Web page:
An Adventure Without Bikes
In late July of 2011, my best friend and I went to Iceland for a week. It was Townsend, his sister Mary, her boyfriend and myself. We rented a car on our second day in the country and hit the road to explore the wilderness. Mary insisted on following a strict agenda and was clinging to the map like a nun to her Rosary. So as any passionate adventurer would do, I asked to see the map and promptly defenestrated the item. Following a period of verbose disapproval we found ourselves peacefully wandering mystery roads surrounded by a vast landscape of lava fields (solid and cold not hot and gooey). We spent the rest of the day sprinting up a random mountain side for no reason more than that we could see snow and wanted to touch it. Afterwards, we piled back into the car and found a gravel lot to turn around in - for an added note of excitement Townsend yanked the E-Brake and whipped the car back onto the road. His sister was not amused, to which he replied "It's OK Mary! I have an air bag!" We all had a good laugh, except Mary. Mary hates fun. It wasn't long before I fell asleep in the front seat of our rented 1998 Saab. The next thing I knew, I'm roused from my sleep to my fellow passengers yelling expletives and cries of prayer. We were airborne.
That's right, I woke up and our rented 1998 Saab was hurtling off a 20 foot Cliff at 65 MPH. BOOM. After the impact I stumbled out of the car disoriented. I responded to the status checks that were cried out by my friends "I'm good. arm's broken, but I'm good." then proceeded to climb the face of the cliff. After hailing assistance from a fellow motorist, two Police Cruisers arrived on the scene. They asked their questions and offered us a ride back to the precinct where we could walk to the hospital and get checked out. You know, "since nobody appears to be dying". Mary and her boyfriend got in one car, Townsend and I in the other. Halfway to our destination we were informed by one of the officers that they needed to conclude another incident that we interrupted. Again, because you know "nobody appears to be dying". (This is where things got interesting).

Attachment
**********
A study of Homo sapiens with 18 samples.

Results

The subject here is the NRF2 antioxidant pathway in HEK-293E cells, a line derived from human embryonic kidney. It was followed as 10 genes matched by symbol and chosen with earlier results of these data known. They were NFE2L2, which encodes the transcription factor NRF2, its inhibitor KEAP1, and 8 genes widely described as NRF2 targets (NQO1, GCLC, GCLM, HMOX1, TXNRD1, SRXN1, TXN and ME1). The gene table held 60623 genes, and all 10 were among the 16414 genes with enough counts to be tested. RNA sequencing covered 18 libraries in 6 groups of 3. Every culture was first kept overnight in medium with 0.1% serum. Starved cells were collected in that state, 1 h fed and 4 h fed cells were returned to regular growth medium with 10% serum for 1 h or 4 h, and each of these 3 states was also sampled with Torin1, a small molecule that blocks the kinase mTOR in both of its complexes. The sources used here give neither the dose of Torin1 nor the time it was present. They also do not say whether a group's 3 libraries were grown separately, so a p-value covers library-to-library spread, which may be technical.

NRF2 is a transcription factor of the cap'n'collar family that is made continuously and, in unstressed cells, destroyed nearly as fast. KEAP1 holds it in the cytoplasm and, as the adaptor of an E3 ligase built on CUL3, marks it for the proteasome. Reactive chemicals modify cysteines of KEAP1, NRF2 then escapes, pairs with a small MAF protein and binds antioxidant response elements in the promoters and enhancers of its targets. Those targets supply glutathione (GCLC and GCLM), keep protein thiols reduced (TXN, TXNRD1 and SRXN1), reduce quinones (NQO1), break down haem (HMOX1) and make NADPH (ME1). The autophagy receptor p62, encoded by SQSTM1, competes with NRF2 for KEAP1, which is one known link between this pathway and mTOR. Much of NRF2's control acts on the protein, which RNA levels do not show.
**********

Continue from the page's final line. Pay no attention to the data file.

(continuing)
The cruiser came to a stop at the bottom of a steep hill atop of which perched a single rural house. Stone steps inconsistent in size, surely designed by Dr. Seuss, led to a door. The officers entered while we waited in the car. We were nervous, and I was nauseous from unused adrenaline. After 5 minutes of silence, the officers appeared at the car and asked if we had any allergies. We did not, so they handed us 4 baby kittens. As it turns out, in Iceland you call the cops to collect your unwanted critters & litters. I'll spare you all the details about the hospital visit, and the nurse with whom I became briefly enamored. We did miss the last bus into the city and ended up hitchhiking 70 miles back to our hostel in Reykjavik.
From that day forward I've never forgotten how incredible my life is. I changed that day in a very big way. It was my attitude that changed, and subsequently the circumstances of everything I do. Oh, and everybody else was fine. Except Townsend... His air bag sadly deployed with such force that he got a bloody nose.